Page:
You don’t want to find out the hard way that your home’s hurricane straps are no good. The complaint alleges that those made by Simpson Strong-Tie Company or Simpson Manufacturing Company, Inc. degenerate prematurely and fail to protect the homes on which they’re installed.

Hurricane straps are meant to protect a structure “by creating a load path resistant to increased uplift and lateral forces common to high-wind regions[,]” the complaint says. It explains uplift as the forces that can lift a home: “The forces are generated when high winds blow over the top of structure, creating suction that can lift the roof. Those uplift forces must be transferred down to the foundation to prevent damage.” They’re also meant “to protect against lateral forces that make a structure rock, slide, or overturn.”

 “When used in the foundation, for example,” the complaint says, the Product is placed in wet concrete, and, after the concrete cures, bent over a sill plate. The straps are then nailed to the structure.”

Hurricane straps are often installed by home builders, but they can be installed later or replaced by home owners. 

Simpson’s marketing materials claim that their hurricane strap products “meet or exceed our customers’ needs and expectations” and that “Simpson Strong-Tie has the right connector to help [consumers] build safe, strong structures.”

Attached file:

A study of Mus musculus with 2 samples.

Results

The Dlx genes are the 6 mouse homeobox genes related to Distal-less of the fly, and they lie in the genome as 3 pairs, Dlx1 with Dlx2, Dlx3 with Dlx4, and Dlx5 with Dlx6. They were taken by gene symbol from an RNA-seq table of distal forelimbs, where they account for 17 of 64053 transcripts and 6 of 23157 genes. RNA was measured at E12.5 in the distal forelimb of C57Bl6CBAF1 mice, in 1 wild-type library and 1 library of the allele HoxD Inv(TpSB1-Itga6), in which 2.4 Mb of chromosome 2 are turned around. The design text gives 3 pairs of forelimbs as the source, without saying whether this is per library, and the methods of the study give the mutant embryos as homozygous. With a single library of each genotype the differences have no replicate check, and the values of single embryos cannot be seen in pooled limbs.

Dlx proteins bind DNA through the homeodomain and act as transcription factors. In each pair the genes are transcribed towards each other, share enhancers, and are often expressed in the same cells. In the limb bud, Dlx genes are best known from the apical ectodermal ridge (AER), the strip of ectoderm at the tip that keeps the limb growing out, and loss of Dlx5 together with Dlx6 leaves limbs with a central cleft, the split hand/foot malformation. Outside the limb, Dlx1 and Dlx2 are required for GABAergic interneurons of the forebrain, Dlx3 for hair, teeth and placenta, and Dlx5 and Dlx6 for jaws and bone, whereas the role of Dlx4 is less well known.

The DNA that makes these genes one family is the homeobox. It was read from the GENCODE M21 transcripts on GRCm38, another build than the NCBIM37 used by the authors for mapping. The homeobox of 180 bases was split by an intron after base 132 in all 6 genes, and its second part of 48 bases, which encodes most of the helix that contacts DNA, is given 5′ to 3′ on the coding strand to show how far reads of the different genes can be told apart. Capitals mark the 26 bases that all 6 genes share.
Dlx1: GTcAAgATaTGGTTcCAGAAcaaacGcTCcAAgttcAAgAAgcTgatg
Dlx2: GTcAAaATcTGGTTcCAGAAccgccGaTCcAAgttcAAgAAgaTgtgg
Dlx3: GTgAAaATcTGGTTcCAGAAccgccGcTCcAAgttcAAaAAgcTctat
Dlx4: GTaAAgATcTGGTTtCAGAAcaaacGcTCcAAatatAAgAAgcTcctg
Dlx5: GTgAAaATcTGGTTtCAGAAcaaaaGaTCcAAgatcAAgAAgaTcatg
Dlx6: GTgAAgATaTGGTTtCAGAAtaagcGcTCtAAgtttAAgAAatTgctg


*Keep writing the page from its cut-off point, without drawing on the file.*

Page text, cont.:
However, the complaint says, the products are actually “subject to premature corrosion, rusting, failure, deterioration, and disintegration….” This leads to “cracking, spalling, and other damage compromising the structural stability of the home should there be high winds or seismic activity.” This in turn creates the risk of personal injury and property damage. 

The plaintiffs, Cary W. and Terri G. Cooper and Fernandina Beach, LLC both bought properties with hurricane straps installed. The Coopers’ home was hit by a hurricane in 2019 that caused significant damage that the complaint claims would have been prevented if the Simpson straps had worked as they were supposed to. Fernandina Beach saw that the existing hurricane straps were failing and replaced them in 2018 with Simpson straps. However, she has already noticed corrosion in the new Simpson straps.

Two classes have been defined:

  • The National Class is all individuals in the US who own residential structures built with Simpson hurricane straps embedded in the foundations or in the structural support and all former owners who paid to repaid such straps.
  • The Florida Class is all individuals in Florida who own residential structures built with Simpson hurricane straps embedded in the foundations or in the structural support, and all former owners who paid to repair such straps.